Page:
14 July 2008

Here's Johnny

Wallowing in the 1970s and 1980s to dig the Rip It Up retrospective out of the archives tends to bring these things up.

When the news was announced that John Mellencamp would be touring New Zealand in December – for the first time, apparently – it was inevitable that my mind went back to when he first became known here.

It was a small but unforgettable story in Rip It Up, 30 years ago. John Mellencamp was an angry young man. He was 26, his career was going nowhere, he’d had a fight with his manager, and he had a wife, a seven-year-old and a 60-cigarette-a-day habit to support. And they wouldn’t even let him use his own name.

So when the mild-mannered reporter of a fledgling rock paper asked him the wrong question, Cougar - as he was then known - showed his claws. He went all Gordon Ramsay (the printer deleted his expletives), and to many people here, thats how he was remembered.

Five years later he would have a breakthrough hit, he'd eventually get his own name back, and become the Walmart Springsteen of the cornbelt. But at this stage he hadnt learnt one of the rules of rock’n’roll: be good to the people you meet on the way up, because you will meet the same people on the way down.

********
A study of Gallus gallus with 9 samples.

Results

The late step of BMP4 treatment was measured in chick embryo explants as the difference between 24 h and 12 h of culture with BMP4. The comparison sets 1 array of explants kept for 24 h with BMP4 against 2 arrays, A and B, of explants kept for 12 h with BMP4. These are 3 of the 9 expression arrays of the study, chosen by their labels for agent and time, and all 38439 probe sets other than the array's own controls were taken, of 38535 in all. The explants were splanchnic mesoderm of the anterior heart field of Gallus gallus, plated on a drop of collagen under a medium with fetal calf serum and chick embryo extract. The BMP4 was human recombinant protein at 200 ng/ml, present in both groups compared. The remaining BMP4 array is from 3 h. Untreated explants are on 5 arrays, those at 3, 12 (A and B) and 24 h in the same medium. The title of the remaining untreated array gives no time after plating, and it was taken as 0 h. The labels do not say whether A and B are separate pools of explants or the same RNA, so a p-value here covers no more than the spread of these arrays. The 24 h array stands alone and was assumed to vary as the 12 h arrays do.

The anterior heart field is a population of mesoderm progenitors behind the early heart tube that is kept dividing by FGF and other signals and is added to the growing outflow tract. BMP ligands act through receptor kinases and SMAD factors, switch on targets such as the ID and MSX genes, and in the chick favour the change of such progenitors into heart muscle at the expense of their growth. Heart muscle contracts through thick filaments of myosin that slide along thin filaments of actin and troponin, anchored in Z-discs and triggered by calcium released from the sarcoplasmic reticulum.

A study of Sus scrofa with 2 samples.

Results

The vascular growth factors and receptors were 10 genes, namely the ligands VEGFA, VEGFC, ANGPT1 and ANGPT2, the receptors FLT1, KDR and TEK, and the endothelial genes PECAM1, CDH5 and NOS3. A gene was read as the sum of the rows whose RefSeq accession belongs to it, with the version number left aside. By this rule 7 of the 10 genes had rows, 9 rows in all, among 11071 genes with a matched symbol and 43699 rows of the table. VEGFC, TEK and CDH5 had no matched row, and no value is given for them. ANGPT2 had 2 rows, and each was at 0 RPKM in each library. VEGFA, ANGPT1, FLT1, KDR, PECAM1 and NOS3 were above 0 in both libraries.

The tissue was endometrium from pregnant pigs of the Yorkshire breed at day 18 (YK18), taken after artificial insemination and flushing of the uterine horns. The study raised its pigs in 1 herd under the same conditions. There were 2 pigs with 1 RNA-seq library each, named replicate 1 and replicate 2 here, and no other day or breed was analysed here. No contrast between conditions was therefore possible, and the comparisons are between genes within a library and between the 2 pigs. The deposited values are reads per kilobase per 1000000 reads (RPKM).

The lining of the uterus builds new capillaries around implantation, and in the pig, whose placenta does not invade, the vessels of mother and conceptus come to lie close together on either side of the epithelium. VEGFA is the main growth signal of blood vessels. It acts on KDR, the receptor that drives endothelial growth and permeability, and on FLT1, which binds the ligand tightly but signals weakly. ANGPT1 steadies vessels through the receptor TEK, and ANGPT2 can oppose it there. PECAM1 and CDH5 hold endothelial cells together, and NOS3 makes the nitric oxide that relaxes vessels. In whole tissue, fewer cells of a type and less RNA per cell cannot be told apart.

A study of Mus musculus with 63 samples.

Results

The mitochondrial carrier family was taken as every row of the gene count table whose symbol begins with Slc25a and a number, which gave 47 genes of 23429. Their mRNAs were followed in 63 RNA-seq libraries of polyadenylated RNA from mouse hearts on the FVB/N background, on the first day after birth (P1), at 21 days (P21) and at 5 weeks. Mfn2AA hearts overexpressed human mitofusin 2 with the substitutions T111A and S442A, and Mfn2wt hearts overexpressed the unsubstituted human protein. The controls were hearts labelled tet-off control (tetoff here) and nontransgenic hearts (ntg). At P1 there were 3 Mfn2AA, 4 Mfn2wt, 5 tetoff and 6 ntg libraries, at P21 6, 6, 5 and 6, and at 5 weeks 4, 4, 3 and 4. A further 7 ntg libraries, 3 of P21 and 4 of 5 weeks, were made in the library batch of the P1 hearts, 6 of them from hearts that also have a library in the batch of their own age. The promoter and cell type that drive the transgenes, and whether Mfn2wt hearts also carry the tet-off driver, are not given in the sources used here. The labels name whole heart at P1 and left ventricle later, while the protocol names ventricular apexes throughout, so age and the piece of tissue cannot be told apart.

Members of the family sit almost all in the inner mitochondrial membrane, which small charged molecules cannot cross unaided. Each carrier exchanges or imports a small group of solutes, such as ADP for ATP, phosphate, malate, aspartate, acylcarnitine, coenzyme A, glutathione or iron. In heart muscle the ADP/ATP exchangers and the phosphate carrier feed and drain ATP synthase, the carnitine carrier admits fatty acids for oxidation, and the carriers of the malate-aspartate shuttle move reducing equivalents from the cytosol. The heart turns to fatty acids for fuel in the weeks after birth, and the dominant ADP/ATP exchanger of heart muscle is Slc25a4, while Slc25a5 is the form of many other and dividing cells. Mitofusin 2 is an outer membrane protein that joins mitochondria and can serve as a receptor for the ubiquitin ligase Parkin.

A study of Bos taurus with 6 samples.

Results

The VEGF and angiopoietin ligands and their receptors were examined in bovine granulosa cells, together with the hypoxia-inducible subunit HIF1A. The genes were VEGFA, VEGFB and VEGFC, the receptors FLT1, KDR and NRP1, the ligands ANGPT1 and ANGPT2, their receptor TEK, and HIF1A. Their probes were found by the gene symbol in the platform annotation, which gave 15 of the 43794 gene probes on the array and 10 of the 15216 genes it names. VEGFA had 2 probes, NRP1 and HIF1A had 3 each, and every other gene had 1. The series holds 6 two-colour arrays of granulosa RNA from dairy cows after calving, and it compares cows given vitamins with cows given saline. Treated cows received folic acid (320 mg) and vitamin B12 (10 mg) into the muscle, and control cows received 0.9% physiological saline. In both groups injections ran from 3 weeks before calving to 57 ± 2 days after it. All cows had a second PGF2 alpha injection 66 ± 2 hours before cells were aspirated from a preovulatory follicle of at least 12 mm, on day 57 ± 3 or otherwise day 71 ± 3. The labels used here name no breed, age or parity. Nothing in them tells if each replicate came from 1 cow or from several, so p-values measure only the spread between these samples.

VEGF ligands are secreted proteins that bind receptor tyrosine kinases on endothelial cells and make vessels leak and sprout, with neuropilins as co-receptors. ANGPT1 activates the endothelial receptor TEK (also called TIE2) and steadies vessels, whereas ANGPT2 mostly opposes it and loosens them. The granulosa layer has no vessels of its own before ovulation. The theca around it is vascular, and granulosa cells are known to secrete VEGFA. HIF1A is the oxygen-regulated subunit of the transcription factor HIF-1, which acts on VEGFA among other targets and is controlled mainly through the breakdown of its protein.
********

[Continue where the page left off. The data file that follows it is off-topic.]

Left: the issue that caused offense, May 1978, and the eventual Cougar issue, September 1978.
What – no cover story?

Cougar pic © Murray Cammick


Anonymous said...

The printer deleted it? That was very public-spirited of him/her. Hope they didn't bill for the service.

Chris Bourke said...

Yes, Putaruru Press. It was a different age. Wanganui Newspapers used to print the student papers at that time, and would often 're-edit' things they regarded as offensive. Still, it was an improvement on the 1951 climate, when even owning a Gestetner brought you under certain "emergency" regulations.

Anonymous said...

Once a prat, eh? What about his pulling out of the Mission Concert earlier this year because - supposedly - he was being inducted into the Rock and Roll Hall of Fame? What a tit. Still, Tom was much better than Johnny-John will ever be.

Chris Bourke said...

A quarter century on from his only big hit, Mellencamp always seemed an odd choice for the Mission gig, though it is a captive audience. Tom Jones was a far better bet for the chardonnay chav crowd. At the time the Dom-Post was raving that Mellencamp's original support act Elvis Costello would help sell the tickets, which I thought was coming from the same dream land that saw Costello booked as headliner for the failed Sweetwaters. Sheryl Crow will be pulling more punters in this new double act, I suspect. None of these three could now full a big room here on their own.